A Chicago ticket-brokering company was scammed out of dozens of Super Bowl tickets -- and thousands of dollars in profits -- by a Florida man who was buying the tickets from NFL players, a new lawsuit alleges.
Tickets321.com, which filed the suit last week in Cook County Circuit Court, wants a judge to order Authentic Sports Inc. and Bradley and Richard Wells to cough up at least $69,000, which Tickets321.com contends was lost in the deal.
Tickets321.com wired Bradley Wells -- who was acting as a sort of middleman -- $39,000 so he could purchase tickets from pro football players he claimed to know with the Atlanta Falcons and Philadelphia Eagles, the suit says. The tickets were to Super Bowl XXXIX this past winter.
The Eagles were in the Super Bowl. The Falcons were not, but even teams not in the big game can get Super Bowl tickets.
Expected $30,000 profit
The tickets Wells was buying were supposed to go to Tickets321.com so they could be re-sold to the public. Tickets321.com expected to recoup the $39,000 -- and make around $30,000 on top of that.
Wells took the $39,000 -- which was deposited in an account held by Wells' father, Richard, an Indiana resident -- and Bradley Wells went ahead and bought game tickets, the suit claims.
Though the tickets had a face value of about $500 each, players and coaches were charging $1,500 for each ticket, and Tickets321.com was planning to sell them for $2,700 each, the suit claims.
But instead of delivering tickets to Tickets321.com, Wells sold them for as much as $5,000 each, the suit alleges.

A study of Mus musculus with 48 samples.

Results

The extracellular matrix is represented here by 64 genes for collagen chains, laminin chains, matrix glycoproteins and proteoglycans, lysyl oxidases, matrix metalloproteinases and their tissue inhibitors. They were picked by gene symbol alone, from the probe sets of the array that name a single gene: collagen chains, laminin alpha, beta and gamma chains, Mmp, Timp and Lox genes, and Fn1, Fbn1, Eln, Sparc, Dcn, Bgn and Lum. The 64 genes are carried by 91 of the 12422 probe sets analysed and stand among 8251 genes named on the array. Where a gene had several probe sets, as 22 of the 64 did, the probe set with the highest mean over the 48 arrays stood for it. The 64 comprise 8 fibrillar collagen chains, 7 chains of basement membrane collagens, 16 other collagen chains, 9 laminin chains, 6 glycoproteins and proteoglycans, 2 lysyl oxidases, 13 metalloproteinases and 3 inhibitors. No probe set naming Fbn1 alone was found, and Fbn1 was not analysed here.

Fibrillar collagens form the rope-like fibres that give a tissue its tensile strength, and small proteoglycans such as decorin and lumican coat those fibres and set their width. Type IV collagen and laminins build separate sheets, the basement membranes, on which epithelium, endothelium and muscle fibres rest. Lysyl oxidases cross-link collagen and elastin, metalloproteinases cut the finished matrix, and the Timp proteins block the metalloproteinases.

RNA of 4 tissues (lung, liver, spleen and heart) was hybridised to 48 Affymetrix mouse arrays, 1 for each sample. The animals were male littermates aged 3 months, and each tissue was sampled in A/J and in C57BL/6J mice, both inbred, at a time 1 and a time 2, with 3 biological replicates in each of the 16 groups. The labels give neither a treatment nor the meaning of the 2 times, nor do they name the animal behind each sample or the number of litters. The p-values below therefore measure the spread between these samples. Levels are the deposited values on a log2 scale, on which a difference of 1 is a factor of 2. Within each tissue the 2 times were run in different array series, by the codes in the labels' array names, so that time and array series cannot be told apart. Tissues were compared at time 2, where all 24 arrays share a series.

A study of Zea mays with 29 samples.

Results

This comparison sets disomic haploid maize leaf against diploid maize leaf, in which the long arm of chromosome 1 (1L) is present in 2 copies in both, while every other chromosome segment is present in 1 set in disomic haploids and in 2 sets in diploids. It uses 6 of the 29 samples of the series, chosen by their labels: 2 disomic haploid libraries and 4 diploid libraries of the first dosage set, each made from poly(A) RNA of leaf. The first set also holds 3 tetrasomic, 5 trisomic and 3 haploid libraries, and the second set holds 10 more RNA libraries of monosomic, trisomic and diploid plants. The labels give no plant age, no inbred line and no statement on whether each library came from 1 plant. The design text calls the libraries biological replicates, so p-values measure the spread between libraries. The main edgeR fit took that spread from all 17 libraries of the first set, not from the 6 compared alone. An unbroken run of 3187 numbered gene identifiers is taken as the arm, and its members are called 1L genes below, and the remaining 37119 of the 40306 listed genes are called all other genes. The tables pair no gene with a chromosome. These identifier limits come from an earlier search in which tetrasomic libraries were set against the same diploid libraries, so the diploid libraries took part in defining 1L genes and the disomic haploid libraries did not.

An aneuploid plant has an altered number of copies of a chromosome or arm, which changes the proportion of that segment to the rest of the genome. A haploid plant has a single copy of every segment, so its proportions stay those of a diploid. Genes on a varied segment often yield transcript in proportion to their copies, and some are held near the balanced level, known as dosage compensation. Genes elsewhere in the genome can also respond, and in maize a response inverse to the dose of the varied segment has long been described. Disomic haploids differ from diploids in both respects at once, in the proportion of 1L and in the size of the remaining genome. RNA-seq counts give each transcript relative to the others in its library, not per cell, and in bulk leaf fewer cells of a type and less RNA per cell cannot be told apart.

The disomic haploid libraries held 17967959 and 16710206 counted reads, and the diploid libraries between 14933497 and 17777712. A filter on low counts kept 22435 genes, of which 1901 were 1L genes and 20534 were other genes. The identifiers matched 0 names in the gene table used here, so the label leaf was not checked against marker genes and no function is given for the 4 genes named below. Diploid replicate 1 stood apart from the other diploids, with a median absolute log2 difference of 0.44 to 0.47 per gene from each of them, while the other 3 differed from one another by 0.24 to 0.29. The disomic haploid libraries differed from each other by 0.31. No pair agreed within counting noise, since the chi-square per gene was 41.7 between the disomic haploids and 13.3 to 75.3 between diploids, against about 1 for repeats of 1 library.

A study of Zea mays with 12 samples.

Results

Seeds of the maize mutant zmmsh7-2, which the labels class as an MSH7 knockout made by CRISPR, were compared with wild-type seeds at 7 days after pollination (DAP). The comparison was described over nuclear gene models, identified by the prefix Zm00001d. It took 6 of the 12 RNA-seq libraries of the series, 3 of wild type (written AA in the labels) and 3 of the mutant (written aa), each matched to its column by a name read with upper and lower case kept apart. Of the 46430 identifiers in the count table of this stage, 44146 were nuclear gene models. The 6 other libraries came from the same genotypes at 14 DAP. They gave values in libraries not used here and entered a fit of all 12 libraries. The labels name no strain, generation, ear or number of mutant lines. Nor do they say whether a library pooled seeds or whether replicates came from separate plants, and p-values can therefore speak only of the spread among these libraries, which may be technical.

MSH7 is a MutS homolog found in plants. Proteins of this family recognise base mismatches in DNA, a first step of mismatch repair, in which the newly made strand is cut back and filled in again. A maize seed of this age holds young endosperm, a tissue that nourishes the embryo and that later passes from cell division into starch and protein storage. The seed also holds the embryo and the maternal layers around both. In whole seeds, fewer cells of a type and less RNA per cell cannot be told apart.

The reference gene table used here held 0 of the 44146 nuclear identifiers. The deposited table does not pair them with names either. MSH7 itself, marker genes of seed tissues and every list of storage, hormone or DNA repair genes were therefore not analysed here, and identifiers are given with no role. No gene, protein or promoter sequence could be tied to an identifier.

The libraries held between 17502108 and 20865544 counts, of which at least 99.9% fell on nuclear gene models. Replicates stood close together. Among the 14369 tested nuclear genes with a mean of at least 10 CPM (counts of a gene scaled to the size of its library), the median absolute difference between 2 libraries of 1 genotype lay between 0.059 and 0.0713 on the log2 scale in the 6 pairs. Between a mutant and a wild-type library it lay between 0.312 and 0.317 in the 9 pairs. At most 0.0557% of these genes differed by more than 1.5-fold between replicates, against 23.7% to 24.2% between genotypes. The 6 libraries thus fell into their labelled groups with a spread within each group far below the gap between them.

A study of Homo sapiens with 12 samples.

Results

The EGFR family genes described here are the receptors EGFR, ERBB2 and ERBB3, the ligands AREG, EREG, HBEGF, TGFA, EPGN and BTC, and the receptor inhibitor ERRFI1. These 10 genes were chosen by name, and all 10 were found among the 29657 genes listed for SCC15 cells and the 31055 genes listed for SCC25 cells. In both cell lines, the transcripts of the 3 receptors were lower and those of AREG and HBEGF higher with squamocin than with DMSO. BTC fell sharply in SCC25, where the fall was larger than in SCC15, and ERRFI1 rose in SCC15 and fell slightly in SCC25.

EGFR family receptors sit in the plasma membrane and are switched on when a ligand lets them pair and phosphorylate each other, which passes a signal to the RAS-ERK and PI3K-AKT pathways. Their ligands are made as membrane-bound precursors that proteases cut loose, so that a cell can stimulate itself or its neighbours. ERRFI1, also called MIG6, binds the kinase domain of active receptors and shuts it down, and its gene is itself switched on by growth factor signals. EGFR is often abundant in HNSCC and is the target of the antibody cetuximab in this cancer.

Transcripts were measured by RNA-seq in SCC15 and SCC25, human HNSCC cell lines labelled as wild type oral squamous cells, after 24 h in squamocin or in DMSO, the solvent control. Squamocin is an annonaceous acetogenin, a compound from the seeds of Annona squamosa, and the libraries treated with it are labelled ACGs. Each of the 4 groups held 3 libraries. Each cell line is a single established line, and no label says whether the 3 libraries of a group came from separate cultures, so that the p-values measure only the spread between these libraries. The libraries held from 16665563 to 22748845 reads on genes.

David Harpest, an attorney for the ticket-brokering firm, declined comment. But the suit indicated the company tried unsuccessfully to arrange payment plans with Wells.
In a telephone interview while he was in St. Petersburg, Fla., Wells denied wrongdoing. "We've both been taken for a lot of money by another man," he said. "The individual I knew, who was friends with the players, probably ran off to the islands with our money."
Wells said he did not scam Tickets321.com, but declined to explain bank records indicating he spent the company's money.
Though NFL players and coaches are given the chance to purchase Super Bowl tickets at face value, they must sign an agreement not to re-sell those tickets to others at a higher price.
Even so, Wells said "it's a common thing" for tickets to be scalped by players and coaches, then sold for an even bigger profit by brokers.
Last week, the NFL fined Minnesota Vikings coach Mike Tice $100,000 for scalping his Super Bowl tickets last year, while also slapping $10,000 fines on some of his assistant coaches for the same.